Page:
Rosemarie Trockel

Drawings, Collages and Book Drafts

29 January - 30 April 2011

Image of Rosemarie Trockel's Unititled 2000

Talbot Rice Gallery was the only UK venue for 'Rosemarie Trockel Drawings, Collages and Book Drafts', the largest display of works on paper to date by the internationally renowned artist. The exhibition was a partnership between Talbot Rice Gallery, Kunstmuseum Basel and Kunstmuseum Bonn. Due to the scale of the exhibition, featuring nearly 200 drawings, collages and book drafts, it was hung in all rooms of the gallery.

Within the Academic tradition of Fine Art, drawing was exclusively part of a (predominantly male) artist’s preparatory work and training; it was a starting point for a longer process that was intended to result in a fully resolved oil painting, meticulously worked to remove all brush stokes and signs of uncertainty. Within Rosemarie Trockel’s contemporary practice this uncertainty has become a central part of a strategy to undermine the authoritative systems that have, and continue to, administer specific representations of reality and prescribe certain subjective positions.

Trockel mistrusts the evidence of the pictorial, the clarity and lack of ambiguity of the absolutist approach, and prefers to populate her pictures with chimeras and grotesques that at times seem comical, at times inscrutable

Christoph Schreier

Trockel’s ‘mistrust’ stems from the fact that she has continually encountered opposition within a male dominated art world; although the artist builds upon a strong German artistic context, which includes Joseph Beuys and Martin Kippenberger, she is critical of its implicit machismo. Against an Enlightenment tradition to treat the self as a rational, finite entity, the anthropomorphic figures in Trockel’s drawings blur the boundaries between representations of conscious and unconscious, human and animal states.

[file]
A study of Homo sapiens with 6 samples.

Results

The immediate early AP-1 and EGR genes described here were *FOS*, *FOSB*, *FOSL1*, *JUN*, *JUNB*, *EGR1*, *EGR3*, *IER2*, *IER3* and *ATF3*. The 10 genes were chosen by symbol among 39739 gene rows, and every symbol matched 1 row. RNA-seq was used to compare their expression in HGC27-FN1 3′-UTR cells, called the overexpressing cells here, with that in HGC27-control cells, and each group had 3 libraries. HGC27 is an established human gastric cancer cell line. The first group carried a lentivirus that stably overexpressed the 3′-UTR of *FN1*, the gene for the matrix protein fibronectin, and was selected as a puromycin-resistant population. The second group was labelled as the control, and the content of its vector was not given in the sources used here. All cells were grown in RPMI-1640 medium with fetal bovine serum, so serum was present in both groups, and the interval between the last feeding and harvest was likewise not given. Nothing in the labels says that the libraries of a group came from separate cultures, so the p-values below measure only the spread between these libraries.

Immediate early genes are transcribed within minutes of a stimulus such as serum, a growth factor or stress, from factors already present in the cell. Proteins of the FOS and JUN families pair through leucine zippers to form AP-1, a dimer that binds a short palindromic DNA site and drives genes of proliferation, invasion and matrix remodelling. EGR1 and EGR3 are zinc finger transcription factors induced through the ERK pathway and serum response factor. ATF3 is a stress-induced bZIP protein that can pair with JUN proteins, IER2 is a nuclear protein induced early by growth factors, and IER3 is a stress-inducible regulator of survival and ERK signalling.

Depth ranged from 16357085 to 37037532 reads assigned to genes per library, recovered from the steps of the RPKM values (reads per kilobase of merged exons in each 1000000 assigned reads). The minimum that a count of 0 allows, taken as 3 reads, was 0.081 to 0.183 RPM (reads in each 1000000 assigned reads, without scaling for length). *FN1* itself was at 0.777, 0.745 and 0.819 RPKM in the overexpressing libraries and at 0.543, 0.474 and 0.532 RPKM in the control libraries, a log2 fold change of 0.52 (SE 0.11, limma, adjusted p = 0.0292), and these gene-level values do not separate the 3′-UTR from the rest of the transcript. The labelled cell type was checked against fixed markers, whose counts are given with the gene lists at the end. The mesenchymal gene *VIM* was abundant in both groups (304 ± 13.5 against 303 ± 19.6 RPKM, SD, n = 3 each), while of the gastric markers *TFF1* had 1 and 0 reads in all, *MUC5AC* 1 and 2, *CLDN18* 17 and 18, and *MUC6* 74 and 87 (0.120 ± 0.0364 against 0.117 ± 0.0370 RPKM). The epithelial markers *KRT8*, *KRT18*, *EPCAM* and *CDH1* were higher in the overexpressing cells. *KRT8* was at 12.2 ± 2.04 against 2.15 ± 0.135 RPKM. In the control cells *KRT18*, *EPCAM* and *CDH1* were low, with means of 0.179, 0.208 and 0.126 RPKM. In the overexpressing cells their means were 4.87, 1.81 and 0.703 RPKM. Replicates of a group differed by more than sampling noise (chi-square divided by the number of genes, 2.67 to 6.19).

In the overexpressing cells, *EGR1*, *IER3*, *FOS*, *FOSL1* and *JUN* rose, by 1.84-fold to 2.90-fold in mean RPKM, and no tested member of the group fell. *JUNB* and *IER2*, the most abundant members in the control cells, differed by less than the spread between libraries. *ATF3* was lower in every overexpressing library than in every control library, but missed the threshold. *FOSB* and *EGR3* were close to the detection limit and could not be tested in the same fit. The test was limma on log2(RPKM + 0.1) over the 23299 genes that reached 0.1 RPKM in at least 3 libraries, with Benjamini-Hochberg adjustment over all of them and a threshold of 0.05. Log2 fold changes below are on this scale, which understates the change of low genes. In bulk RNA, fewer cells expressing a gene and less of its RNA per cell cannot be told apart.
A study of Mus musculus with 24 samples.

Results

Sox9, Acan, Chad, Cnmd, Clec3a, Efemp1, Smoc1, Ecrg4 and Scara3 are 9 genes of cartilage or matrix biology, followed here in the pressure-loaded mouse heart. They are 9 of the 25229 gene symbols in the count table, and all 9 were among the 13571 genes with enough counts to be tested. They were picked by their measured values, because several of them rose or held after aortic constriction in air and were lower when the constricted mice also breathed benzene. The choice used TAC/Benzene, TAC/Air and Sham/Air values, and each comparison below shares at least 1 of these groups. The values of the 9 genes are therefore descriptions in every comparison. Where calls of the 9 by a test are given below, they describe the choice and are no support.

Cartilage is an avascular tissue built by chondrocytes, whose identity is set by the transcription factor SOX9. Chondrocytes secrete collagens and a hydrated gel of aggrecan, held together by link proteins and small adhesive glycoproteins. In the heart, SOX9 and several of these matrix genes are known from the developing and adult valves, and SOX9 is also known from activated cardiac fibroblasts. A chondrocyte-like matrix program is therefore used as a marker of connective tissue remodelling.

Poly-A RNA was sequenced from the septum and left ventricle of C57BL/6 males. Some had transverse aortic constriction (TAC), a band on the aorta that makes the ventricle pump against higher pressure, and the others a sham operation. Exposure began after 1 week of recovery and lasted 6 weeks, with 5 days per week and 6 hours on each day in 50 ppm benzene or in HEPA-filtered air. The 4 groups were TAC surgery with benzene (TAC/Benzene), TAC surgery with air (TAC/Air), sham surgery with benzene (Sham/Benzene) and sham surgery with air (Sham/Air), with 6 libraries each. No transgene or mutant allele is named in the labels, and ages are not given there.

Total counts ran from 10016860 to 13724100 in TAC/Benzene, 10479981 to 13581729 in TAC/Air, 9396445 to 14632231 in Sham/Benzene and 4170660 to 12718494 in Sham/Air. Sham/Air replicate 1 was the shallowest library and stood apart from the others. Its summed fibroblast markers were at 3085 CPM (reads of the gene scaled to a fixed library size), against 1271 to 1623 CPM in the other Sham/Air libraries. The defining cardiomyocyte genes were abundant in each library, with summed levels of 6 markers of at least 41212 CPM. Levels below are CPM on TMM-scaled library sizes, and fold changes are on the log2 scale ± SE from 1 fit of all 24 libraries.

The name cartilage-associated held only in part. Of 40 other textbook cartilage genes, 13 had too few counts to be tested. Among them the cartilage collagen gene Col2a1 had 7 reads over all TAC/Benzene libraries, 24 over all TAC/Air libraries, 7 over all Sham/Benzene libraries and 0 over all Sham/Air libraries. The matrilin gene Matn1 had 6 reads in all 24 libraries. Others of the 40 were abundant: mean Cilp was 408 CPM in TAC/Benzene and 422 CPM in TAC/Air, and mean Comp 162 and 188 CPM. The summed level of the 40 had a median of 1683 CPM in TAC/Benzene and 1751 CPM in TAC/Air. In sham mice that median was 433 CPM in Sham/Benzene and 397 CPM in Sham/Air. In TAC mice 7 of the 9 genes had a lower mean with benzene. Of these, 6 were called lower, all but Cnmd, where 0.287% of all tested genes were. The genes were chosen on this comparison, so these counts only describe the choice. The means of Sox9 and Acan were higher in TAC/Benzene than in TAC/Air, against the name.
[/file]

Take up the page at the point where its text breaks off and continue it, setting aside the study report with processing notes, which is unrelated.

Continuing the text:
Rosemarie Trockel, Vorstudie (Preliminary Study), 1989

Since 2004, collages have become a distinct part of Rosemarie Trockel’s oeuvre, often allowing her to recombine aspects of her multifaceted practice, which has included photography, film, sculpture and installation. If drawing allows Trockel, “both springboard and experimental space [that] for all its heterogeneity evinces continuities of both form and space” *, then collage allows those forms and spaces to be reworked and re-contextualised.

Rosemarie Trockel has long worked on book drafts - small examples of books that could possibly be produced - which became a central part of her practice. This exhibition marked the first time book drafts have been exhibited so extensively. Bearing a similarity to sketchbooks, they, “reveal much about Trockel’s thinking process while keeping the inquisitive reader at a safe distance” **.

Like her drawings, the book drafts consciously play with expectations and negate easy readings. They open up the possibility of interpreting Trockel’s work in a non-linear fashion, seeing them as potential ideas for future works, while simultaneously being a record of her past ideas. These works also suggest art therapy in which fears might be realised and faced. Indeed, the exhibition as a whole seemed to reveal a much deeper set of fears, where all that is repressed by strict systems of representation appears to return.

Rosemarie Trockel (1952) became prominent in the mid 1980s with her now famous ‘knitted pictures’. Today Trockel is highly regarded internationally and has won several awards for her sophisticated practice, represented Germany at the Venice Biennale (1999 and 2003) and her work is represented in collections worldwide. Rosemarie Trockel lives and works in Cologne.

* Christoph Schreier (2010) in the exhibition catalogue (Questioning the Middle: People, Animals, and Mutants in Rosemarie Trockels Work’s on Paper).

** Gregory Williams (2010) in the exhibition catalogue (The Art of Indecision: Rosemarie Trockel’s Book Drafts).